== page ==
I’m sure there are other British directors out there doing sterling work; in fact I know there are, but are there any who are exactly like Shane Meadows? Or, rather are there any doing the same thing as him? Making uniquely British films that don’t just seem like an extended episode of a soap opera? I have a couple of names on the tip of my tongue but none of them are from the latest generation of film-makers. A lot of British film makers seem to shift away from their homeland as a focus because it is somehow too parochial and not a large enough canvas to stretch their artistic vision out on; they all want to be in Hollywood getting budgets that are the equivalent of a small country’s yearly budget making films chock-full of cliche and rotascoped fuckwits. A lot of the new crop are also making the kind of tripe that could have been made anywhere. Of course there are exceptions.
This film says some important things; looks at a culture that is shied away from as being too controversial. We don’t get your usual cartoon racists here either, your typical dumb-fuck skinheads. Meadows manages to make you uncomfortable, to get in your face, and also not just give us an empty cardboard rendering of what might generally be written off as the villains of the piece. Heroes and villains aren’t the currency of the day here – there are no clear-cut lines; even the line that Combo, the chief skinhead, draws on the ground doesn’t make it any easier to pigeonhole him or any of the other characters. What is Combo? What is Milky? What is Woody? What are any of the kids and adults we see here? They’re people; people who fuck up and people who change their mind, and of course ones that don’t – followers and leaders, none of them seeming any less scared than the other.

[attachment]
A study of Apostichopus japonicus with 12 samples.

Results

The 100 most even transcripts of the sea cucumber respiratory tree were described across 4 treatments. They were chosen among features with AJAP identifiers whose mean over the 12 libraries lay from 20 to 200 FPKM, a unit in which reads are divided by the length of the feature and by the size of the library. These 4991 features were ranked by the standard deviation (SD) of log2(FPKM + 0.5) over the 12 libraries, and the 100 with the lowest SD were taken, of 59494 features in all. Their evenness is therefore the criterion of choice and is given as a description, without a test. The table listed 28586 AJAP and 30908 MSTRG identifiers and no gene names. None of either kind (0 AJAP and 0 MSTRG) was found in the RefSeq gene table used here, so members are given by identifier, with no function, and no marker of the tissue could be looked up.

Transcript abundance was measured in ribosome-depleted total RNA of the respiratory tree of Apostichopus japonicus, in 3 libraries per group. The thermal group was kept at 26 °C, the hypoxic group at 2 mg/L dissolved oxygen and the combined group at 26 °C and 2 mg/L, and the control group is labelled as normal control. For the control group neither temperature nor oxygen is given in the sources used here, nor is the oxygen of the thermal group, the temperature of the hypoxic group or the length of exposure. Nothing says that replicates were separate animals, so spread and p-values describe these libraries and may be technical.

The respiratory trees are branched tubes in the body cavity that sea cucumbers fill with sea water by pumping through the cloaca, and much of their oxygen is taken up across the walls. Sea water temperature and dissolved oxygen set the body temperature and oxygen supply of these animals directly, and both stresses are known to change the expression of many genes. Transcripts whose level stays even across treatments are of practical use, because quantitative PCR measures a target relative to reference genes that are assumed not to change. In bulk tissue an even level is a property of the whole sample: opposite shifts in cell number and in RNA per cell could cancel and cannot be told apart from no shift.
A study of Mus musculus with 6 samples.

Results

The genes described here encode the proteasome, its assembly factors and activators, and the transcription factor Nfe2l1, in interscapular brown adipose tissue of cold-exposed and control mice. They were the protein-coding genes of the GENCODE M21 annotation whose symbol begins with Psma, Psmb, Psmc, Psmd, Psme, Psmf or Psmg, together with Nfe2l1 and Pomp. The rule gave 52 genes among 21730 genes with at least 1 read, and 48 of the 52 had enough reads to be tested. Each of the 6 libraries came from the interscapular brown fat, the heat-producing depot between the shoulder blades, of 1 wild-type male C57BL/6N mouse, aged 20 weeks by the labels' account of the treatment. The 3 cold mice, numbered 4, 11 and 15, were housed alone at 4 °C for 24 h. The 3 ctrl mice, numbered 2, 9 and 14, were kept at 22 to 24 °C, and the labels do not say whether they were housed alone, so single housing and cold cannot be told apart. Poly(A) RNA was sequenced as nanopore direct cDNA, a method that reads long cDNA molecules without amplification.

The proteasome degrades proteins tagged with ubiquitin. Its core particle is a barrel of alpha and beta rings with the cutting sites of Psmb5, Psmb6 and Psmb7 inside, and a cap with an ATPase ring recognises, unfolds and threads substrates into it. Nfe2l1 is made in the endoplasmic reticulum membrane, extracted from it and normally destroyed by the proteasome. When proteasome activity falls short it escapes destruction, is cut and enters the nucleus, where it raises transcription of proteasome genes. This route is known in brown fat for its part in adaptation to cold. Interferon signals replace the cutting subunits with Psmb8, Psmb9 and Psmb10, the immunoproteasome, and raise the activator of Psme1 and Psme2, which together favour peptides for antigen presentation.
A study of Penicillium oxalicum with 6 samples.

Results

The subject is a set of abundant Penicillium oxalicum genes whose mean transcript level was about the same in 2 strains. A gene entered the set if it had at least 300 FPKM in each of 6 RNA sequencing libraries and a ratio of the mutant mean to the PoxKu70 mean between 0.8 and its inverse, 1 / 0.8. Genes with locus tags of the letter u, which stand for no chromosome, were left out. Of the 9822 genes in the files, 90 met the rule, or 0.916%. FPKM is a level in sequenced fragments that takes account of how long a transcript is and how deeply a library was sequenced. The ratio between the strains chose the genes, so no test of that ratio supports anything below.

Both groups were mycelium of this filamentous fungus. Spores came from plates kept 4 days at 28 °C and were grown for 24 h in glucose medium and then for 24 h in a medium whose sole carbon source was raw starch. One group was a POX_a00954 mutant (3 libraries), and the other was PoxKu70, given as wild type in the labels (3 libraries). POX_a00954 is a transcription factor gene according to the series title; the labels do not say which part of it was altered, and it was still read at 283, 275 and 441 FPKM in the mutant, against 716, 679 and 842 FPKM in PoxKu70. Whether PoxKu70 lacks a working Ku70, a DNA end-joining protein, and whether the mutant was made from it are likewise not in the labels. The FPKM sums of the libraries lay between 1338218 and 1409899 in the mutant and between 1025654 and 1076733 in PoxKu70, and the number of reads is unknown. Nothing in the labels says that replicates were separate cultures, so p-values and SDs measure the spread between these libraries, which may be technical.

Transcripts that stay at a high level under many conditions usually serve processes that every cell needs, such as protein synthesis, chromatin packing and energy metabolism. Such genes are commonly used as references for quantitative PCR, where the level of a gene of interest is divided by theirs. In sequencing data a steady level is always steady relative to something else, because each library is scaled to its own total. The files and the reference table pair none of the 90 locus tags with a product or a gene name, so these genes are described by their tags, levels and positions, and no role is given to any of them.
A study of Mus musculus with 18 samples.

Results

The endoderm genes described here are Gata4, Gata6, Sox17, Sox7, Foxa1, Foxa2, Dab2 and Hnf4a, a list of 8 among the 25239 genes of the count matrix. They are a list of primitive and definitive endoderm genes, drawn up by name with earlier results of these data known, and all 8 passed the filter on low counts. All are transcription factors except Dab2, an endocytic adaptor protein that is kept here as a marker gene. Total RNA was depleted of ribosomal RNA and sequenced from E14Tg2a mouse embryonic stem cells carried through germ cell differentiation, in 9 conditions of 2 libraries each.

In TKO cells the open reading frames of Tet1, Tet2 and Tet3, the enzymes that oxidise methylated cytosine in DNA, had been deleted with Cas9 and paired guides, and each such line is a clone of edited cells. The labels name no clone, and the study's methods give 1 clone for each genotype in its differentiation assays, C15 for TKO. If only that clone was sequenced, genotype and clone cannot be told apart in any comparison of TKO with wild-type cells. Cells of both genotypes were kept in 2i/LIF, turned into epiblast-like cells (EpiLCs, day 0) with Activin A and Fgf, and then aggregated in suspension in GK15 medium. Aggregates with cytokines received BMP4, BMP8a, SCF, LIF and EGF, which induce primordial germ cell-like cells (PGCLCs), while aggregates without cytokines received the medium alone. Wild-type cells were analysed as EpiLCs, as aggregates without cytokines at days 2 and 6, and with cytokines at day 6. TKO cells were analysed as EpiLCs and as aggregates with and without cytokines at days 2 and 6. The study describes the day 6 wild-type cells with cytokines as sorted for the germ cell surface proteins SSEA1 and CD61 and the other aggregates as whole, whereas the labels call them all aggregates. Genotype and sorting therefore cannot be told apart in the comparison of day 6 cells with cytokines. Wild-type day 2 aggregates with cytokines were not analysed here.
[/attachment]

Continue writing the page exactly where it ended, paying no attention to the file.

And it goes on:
Like all of his other films we don’t see some idea run coldly through the head of a political commentator, or passed through the cool gaze of a detached cinematographer. We get brains, balls and heart here – we get a human look at the whole shebang. It’s not hard to like every single character we meet here at some point in their story and that means that you don’t have to work to understand why they do what they do – even if you don’t agree with it.
The film is beautifully put together – the cinematography really brings out the character and the beauty of some of the scenery, whether in the country or the city. All of the acting is really believable; not a weak link in the whole chain. It draws you in and it convinces – you never have to struggle to believe that these are real people and this is what they would do. I got drawn in by the recreation of the eighties; all those political, social and pop culture touchstones – this film transported me and so it made me care; it involved me; and that really is one of Meadow’s strengths, and one you have to hope he will always play to – appealing to the human being and not the wallet.